Is Push Dead?

Although the drumbeat about content marketing began a few years back, it seems to have become rather loud over the last few months.  We even see content marketing agencies and software pushing (pun intended) their products and services on a daily basis.

The image shows a technology push, mainly driv...


I’m a fan of content marketing.  I think most people don’t like being sold to unless they’ve put their hands in the air and said “I’m ready to buy and I need information.”  Those kind of marketing messages – TV and other ads – are push content.  As Imus used to say “I talk, you listen” except what was being said by marketers was manufactured and shoved out the door.  Content marketing is more “pull” marketing.  It’s a newer model than the old push strategy.

But is push dead?  I don’t think so.  Here is why.

The basic definition of pull marketing means that you engage consumers or prospective/current customers.  To do that you need to know something about them.  If they’ve bought, you have that information and they know a bit about you through experiences that have left lasting, positive impressions.   Hopefully you’ve dazzled them with world-class customer service (which I think is push marketing too).  If  they haven’t bought (yet), maybe you’ve been helpful to them in other ways.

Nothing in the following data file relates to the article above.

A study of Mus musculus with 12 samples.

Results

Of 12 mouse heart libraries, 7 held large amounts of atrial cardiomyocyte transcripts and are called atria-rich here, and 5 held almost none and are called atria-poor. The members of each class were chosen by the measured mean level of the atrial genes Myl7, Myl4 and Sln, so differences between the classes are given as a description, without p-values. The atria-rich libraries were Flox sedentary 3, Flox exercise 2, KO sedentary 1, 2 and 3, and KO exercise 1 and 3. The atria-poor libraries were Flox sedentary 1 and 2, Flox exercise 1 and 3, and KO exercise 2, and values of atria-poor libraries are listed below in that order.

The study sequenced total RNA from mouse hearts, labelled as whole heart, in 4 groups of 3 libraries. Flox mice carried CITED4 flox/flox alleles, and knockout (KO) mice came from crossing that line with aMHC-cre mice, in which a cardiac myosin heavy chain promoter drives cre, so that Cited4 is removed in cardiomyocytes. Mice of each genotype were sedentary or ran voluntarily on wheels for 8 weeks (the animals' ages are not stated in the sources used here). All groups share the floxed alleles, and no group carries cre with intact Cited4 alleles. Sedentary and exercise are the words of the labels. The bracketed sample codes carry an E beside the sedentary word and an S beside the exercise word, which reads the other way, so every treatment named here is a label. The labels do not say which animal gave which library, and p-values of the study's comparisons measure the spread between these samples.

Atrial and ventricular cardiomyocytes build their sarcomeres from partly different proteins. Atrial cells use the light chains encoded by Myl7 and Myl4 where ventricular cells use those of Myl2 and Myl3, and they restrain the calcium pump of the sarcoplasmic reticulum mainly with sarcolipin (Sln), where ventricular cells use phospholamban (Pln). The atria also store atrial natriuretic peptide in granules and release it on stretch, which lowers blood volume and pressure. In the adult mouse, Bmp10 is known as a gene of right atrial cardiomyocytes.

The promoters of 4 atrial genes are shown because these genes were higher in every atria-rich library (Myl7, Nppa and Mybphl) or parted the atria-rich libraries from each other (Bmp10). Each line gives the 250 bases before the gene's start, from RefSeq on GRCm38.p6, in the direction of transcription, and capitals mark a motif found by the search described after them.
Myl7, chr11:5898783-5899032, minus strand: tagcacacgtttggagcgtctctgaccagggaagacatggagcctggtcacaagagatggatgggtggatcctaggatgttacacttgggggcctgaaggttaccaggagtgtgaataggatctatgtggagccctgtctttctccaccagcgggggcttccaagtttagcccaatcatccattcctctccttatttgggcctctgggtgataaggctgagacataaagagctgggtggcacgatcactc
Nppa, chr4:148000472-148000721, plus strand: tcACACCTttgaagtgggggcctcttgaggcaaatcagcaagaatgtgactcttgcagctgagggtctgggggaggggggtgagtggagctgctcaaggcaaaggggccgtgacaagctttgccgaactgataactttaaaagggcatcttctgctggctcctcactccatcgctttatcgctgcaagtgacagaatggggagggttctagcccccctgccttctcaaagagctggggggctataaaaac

The implication is that, of course, is that you need to be discoverable.  You can’t do inbound marketing if you’re invisible.  If you’re trying to give potential customers the idea that they need to engage, they need to know that they have a problem for you to solve first.  Maybe they haven’t done that – defined the problem  – so how can they be considering a solution?

That’s where push comes in.  Sure, it may be intrusive and unfashionable and ridiculed as interruption marketing.  But it has a role in the marketing mix.  Even so, we have to keep a few thoughts in mind.  We can’t spam people – drop unwanted messages on them over and over again.  People have learned to tune those messages out.  Even as we’re talking “at” them, we can try to anticipate their needs and wants even as we’re defining their problems for them.

No, push isn’t dead, but it needs to be changed to match the ways in which consumer expectations have changed.  Then again, if your marketing plan is still very much a function of last century, your revenues might be stuck there too.  Make sense?